Slovakia dedicates first new Torah scroll since Holocaust

"This is one of the most touching moments of my entire life," said president of the Bratislava Jewish community Dr. Tomas Stern.

Synogogue in Slovakia (photo credit: Courtesy)
Synogogue in Slovakia
(photo credit: Courtesy)
A Torah scroll was dedicated in Slovakia’s capital Bratislava last week, making it the first one to be completed in the country since the Holocaust.
The celebration took place during the bar mitzvah of the son of the local rabbi, Rabbi Baruch Myers, who established Chabad of Slovakia in 1993.
The traditional Torah scroll procession made its way through the city, passing the presidential palace to the Chabad Educational Center, which opened in late 2017.
“This is one of the most touching moments of my entire life,” said the president of the Bratislava Jewish community, Dr. Tomas Stern, as he completed the final letters of the new Torah scroll.
Members of the procession participated in circle dancing at the Chabad center. They then returned to the hotel where the Torah scroll had been finalized to further celebrate with a banquet, speeches and the recitation of the customary discourse by the bar mitzvah boy.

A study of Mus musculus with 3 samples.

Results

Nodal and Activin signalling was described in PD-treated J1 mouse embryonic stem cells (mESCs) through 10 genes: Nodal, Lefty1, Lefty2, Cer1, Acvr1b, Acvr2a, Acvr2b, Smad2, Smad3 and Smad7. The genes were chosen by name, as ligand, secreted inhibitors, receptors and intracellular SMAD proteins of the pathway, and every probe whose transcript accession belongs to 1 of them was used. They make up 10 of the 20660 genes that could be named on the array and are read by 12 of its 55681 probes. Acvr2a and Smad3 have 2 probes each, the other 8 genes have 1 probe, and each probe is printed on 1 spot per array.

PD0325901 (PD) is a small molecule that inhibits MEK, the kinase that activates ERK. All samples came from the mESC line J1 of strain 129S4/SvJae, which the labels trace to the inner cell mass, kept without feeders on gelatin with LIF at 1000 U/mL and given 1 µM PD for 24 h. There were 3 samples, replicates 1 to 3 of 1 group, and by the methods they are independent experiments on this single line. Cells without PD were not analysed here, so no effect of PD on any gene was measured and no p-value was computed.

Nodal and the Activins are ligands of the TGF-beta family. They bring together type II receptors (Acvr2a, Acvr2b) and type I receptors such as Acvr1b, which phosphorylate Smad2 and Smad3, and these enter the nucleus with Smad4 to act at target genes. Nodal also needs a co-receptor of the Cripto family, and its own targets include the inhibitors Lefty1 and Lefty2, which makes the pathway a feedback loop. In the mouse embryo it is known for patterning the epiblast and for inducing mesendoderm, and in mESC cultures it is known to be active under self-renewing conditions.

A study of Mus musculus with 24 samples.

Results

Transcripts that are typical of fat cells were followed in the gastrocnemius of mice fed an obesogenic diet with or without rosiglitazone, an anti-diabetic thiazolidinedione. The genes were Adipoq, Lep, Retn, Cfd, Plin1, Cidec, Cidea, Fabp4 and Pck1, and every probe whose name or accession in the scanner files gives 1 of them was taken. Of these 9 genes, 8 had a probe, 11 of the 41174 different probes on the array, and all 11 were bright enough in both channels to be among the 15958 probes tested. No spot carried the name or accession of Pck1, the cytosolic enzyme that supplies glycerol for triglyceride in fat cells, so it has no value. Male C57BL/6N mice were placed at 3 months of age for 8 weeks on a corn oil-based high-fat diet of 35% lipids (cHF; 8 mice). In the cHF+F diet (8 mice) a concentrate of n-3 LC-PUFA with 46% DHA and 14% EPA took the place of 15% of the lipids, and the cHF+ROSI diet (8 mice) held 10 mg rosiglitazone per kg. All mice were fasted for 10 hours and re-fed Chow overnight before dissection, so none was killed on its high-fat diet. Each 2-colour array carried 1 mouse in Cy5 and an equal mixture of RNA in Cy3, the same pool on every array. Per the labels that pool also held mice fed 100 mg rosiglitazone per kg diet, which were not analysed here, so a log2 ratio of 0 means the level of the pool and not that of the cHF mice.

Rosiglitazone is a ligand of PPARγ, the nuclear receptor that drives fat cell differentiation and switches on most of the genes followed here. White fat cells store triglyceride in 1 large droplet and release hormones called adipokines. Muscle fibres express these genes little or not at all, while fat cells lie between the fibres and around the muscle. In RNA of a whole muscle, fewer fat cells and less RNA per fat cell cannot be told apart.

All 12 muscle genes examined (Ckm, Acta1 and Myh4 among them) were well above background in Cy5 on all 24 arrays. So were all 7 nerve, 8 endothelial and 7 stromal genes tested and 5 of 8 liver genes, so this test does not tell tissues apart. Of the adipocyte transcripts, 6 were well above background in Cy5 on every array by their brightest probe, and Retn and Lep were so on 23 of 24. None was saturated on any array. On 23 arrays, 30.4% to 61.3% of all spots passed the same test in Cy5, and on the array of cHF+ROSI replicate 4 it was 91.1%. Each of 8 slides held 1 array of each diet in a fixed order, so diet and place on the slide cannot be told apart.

Known as Pressburg under the Austro-Hungarian Empire, Bratislava’s Jewish community thrived until World War II. In the post-communist era, the community is again prospering, and has built a preschool, a Hebrew school and a summer camp. It also hosts holiday celebrations and festive meals, provides nonstop Torah classes, and accommodates Jewish tourists who come to the country.
A synagogue inside the center has a new ark, ark cover and Torah-reading platform covering – all donated, along with the new Torah, by community members. The center serves as an alternative place of worship to the only surviving synagogue in Bratislava. The synagogue in the city center is not always open and not always capable of catering to the prayer service needs of visitors.
Slovakia’s Jewish community currently numbers 2,600 people. Approximately 105,000 Slovakian Jews died in the Holocaust.